1. The Wall Street Journal reported that the CFPB has been issuing “subpoenas” to auto lenders concerning the sale of extended warranties, auto loans and other financial products associated with auto financing. A link to the Wall Street Journal article is here.
It is very clear to me that the CFPB is looking into the manner in which these products are marketed to consumers. Specifically, the CFPB is looking for potential UDAP issues with respect to advertising and the information disclosed to consumers when they apply for an auto loan or purchase “add on” products like warranties. I will not be surprised if we hear about an enforcement action against an auto lender in which the CFPB will make allegations similar to the allegations that it made against Capital One, Discover and American Express. The main difference between the credit card companies and the auto lenders, however, is that the CFPB has jurisdiction to conduct supervisory examinations over credit card companies while it does not conduct supervisory examinations of auto lenders. The CFPB nonetheless has the authority to initiate investigations and serve Civil Investigation Demands (CIDs) on individuals and companies pursuant to its broad authority to enforce federal “consumer financial law.” The CFPB is obviously going through this process now. If you need help navigating your way through this process, please let me know by sending me an e-mail or calling me. In any event, we will keep an eye on this issue.
2. Dennis Shaul, Chief Executive Officer of Community Financial Services Association of America (CFSA) sent a scathing letter to Richard Cordray on behalf of payday lenders in response to the CFPB’s white paper concerning payday loans. We discussed the CFPB’s white paper in last week’s weekly update. Mr. Shaul’s letter is here.
In his letter, Mr. Shaul makes it very clear that he is disappointed with the CFPB’s analysis and conclusions—especially in light of the fact that payday lenders have been more than gracious with the CFPB during their supervisory examinations. Mr. Shaul states, “[n]ot only are the data demonstrably incomplete and misleading, but the tone, conclusions, and specific language within the report seem aligned with the type of rhetoric that more often comes from advocacy groups that are not always driven by facts, but rather are driven by agendas and unsupported, anecdotal information.” Mr. Shaul’s criticism did not stop there. He added that the CFPB based its “findings on narrow examinations of a small segment of the industry and conjectures about credit alternatives for consumers without consideration of the impact varying state laws and regulations would have on the data.” Here are some specific points that Mr. Shaul made:
Some people who live paycheck to paycheck need payday loans, and payday loans are much better options for some consumers that other borrowing options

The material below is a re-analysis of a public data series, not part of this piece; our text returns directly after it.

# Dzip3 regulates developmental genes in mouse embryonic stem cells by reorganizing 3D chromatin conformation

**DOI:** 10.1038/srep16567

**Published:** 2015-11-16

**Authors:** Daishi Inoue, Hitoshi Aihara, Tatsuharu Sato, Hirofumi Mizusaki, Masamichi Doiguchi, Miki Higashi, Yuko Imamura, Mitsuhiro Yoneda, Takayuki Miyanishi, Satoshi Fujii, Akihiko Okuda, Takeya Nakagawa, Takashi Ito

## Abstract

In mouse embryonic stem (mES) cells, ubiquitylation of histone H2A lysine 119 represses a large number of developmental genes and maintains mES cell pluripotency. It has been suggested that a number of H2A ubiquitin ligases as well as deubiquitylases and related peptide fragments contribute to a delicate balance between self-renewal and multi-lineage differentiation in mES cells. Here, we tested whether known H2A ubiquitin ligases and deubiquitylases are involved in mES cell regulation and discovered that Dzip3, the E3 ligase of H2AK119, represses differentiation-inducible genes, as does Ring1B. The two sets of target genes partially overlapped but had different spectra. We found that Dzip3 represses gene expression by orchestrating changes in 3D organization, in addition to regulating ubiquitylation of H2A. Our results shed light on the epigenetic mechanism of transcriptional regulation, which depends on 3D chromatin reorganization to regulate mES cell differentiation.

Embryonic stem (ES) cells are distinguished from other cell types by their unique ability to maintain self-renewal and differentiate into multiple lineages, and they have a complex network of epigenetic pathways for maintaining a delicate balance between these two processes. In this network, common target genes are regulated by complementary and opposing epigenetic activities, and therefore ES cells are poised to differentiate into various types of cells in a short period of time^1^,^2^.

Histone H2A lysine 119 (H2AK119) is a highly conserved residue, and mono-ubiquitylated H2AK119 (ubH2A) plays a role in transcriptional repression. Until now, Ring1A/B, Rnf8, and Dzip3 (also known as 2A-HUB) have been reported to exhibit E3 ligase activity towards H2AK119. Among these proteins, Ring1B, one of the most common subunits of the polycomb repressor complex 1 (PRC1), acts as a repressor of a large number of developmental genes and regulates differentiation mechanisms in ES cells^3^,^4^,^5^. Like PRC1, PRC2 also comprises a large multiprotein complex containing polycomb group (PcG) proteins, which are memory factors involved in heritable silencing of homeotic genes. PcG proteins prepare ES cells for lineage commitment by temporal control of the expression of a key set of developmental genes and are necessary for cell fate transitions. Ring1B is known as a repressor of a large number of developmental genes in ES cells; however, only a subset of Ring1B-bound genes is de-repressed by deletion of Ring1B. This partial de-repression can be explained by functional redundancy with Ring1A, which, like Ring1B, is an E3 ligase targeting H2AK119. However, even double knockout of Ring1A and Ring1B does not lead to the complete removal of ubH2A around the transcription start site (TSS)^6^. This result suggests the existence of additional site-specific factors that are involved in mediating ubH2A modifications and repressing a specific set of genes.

The CFPB’s report is inconsistent with other publications that analyzed the payday lending process and the effect on the consumers
The CFPB’s report does not include information about payday loan customers who had only obtained one payday loan. “As a result, the paper paints an incomplete and inaccurate picture of the product, its use and the consumer’s experience.”
The CFPB ignores or omits the consumers’ positive experiences with payday lenders
The CFPB does not take into account the quality of the payday lender or provide any information about which payday lenders were CFSA members. According to the letter, CFSA members “offer loans in a safe and responsible manner, with important consumer protections in place.” These consumer protections include issues that the CFPB raised in its white paper (clear terms and conditions, transparency, the “right to rescind, a limitation on rollovers, and an Extended Payment Plan that allows customers to repay their payday loan over a longer period of time at no additional charge.”)
The letter concludes by stating that the consumers will borrow money from “unlicensed, offshore lenders who do not offer the same consumer protections as our members” if the CFPB restricts access to payday loans.
My take on this: Mr. Shaul is expressing what others are thinking. So far, we have seen the CFPB extract consent orders from entities that it supervises. I am not aware of any supervised entity litigating against the CFPB. Mr. Shaul punched the bully in the nose, but will anyone else punch the bully by litigating against the CFPB in the near future? My law partner, Brian Rubin, publishes a yearly article in which he analyzes whether it is more cost efficient for a company to litigate against the SEC or FINRA instead of executing a consent order and paying a hefty fine. More often than not, Brian concludes that it is better to litigate. We need to do similar analysis for the CFPB. We just need a supervised entity to fight back. I think that will happen soon.
Have a good weekend and remember that all of the prior updates are on our website, www.cfpaguide.com/weeklyupdates and you can follow me on Twitter @cfpbattorney.